Ohio offered Intel incentives worth about $2 billion to secure a new $20bn chipmaking factory that the company says will help alleviate a global shortage and create a new technology hub in the Midwest.
The state’s development director said on Friday that the combination of tax breaks and incentives are likely the largest ever offered by Ohio for what state leaders say is the biggest largest economic development deal in its history.
Santa Clara, California-based Intel, the world’s second biggest chipmaker, announced a week ago it had selected a site outside Columbus for two new chip-manufacturing facilities.
The complex could grow much larger and more quickly, Intel executives said, if Congress approves a $52bn bill that would invest in the chip sector and help ensure more production in the US.
Intel chief executive Patrick Gelsinger said the total Ohio investment could top $100bn over the decade, with six additional factories, making it one of the world’s biggest chipmaking sites.
Shortages of computer chips, which are mostly made in Asia and used in everything from hand-held video games to cars, have become a growing concern during the pandemic.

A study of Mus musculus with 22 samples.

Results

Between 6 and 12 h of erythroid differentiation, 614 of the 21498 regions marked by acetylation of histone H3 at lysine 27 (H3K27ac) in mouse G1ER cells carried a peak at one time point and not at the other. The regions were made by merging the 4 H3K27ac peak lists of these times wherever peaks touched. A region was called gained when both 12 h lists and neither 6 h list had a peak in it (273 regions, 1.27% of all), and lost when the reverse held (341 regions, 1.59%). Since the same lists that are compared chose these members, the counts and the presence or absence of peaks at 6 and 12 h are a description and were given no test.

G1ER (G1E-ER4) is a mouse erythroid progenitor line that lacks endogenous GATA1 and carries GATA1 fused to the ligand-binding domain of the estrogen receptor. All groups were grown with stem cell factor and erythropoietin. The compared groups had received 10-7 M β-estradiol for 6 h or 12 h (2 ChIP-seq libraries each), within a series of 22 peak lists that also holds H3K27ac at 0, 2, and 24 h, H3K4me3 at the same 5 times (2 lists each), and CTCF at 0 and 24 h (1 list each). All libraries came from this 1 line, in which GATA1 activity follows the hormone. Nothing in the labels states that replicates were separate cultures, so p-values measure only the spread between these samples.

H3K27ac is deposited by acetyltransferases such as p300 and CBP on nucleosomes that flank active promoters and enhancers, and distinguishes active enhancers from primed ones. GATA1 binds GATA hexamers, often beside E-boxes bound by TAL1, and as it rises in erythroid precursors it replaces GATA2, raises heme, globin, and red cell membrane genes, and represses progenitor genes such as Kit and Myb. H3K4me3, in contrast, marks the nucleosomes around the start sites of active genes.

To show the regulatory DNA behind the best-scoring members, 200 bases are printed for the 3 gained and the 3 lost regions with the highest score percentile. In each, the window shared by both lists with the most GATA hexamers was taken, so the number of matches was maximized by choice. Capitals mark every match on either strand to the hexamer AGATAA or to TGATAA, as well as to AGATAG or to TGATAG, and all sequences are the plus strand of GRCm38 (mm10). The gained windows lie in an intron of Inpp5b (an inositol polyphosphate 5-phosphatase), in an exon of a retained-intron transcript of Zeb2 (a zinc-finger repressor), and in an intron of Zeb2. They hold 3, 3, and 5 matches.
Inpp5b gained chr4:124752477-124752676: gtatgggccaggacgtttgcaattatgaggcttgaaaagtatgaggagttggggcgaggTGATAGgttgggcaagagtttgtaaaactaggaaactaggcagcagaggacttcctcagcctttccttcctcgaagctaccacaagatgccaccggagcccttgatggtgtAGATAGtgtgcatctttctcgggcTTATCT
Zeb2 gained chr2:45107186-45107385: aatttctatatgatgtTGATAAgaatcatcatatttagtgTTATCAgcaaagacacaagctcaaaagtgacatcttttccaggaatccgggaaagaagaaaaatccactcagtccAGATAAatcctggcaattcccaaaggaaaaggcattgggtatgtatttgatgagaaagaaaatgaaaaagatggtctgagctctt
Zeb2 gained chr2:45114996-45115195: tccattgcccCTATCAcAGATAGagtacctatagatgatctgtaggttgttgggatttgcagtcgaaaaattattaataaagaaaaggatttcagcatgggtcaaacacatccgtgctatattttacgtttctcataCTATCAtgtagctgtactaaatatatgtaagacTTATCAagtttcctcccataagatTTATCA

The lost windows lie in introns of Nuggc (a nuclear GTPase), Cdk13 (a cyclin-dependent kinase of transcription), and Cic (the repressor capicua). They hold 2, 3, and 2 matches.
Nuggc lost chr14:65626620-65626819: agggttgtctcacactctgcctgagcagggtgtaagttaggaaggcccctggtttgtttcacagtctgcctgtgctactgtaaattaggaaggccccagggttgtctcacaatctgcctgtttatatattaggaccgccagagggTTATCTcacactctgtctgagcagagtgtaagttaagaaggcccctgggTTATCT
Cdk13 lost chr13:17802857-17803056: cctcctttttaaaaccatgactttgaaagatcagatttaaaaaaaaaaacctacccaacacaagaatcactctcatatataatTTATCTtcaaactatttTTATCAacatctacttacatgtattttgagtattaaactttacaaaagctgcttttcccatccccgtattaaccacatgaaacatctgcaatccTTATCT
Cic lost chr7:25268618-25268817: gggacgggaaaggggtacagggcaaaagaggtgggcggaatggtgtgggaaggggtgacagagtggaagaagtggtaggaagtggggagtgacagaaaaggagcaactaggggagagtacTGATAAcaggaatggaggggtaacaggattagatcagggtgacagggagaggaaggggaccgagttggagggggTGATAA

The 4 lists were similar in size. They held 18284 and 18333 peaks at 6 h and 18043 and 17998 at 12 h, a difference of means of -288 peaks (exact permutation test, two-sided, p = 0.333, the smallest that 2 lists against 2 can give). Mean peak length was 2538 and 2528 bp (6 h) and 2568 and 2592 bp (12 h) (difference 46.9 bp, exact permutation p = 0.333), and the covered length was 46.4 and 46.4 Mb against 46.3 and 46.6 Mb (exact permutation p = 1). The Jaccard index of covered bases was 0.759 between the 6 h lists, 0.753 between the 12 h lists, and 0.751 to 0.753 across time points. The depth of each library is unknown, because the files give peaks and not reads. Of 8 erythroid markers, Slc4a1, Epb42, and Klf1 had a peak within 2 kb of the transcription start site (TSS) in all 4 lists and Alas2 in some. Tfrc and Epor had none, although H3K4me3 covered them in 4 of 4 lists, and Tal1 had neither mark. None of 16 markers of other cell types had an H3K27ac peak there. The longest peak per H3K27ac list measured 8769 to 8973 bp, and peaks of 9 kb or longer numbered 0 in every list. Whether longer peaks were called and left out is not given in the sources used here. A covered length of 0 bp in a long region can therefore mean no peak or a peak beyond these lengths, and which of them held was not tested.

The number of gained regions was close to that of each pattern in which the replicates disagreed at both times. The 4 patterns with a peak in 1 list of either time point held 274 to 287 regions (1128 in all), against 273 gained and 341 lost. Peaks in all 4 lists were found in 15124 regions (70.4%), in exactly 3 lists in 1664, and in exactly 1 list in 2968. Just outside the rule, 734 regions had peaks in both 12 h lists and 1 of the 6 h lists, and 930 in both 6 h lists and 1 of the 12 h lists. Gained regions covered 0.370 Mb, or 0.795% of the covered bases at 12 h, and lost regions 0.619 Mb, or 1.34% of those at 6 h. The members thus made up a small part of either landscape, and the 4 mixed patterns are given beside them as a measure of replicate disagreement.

The US share of the worldwide chip-manufacturing market has declined from 37 per cent in 1990 to 12 per cent today, the Semiconductor Industry Association reported.
Intel wants to move quickly on the Ohio plants, which will support its own line of processors and build chips designed by other firms. Construction is expected to begin this year, with the sites coming online at the end of 2025.
Ohio’s offer includes $600 million to help Intel offset the cost of building the factories, which is more expensive than it would be in Asia, said Lydia Mihalik, the state’s development director.
The state also will pay about $700m for roadwork and water infrastructure upgrades, including a system that will allow the plant to reuse wastewater.
The state legislature this summer approved a 30-year tax break that will allow Intel to save $650m.
The state’s share will be money well spent because the Intel facility will not only create jobs, but also make Ohio more attractive to industries such as auto, aviation and defence that rely on chips, Ms Mihalik said.
“These investments will not only ensure that this project is successful here, but will also be supporting the region by increasing local infrastructure to support future growth,” Ms Mihalik said.
In addition, the state’s privatised economic development office, JobsOhio, will provide Intel with as much as $150m in combined economic development and workforce grants, said Matt Englehart, a JobsOhio representative.
The two factories on a 1,000-acre site in Licking County, to the east of Columbus, are expected to create 3,000 company jobs — many of them highly skilled — and 7,000 construction jobs. The site will support tens of thousands of additional jobs for suppliers and partners, Intel and local and state officials said last week.
Ohio beat out 40 other states for the project, state officials said.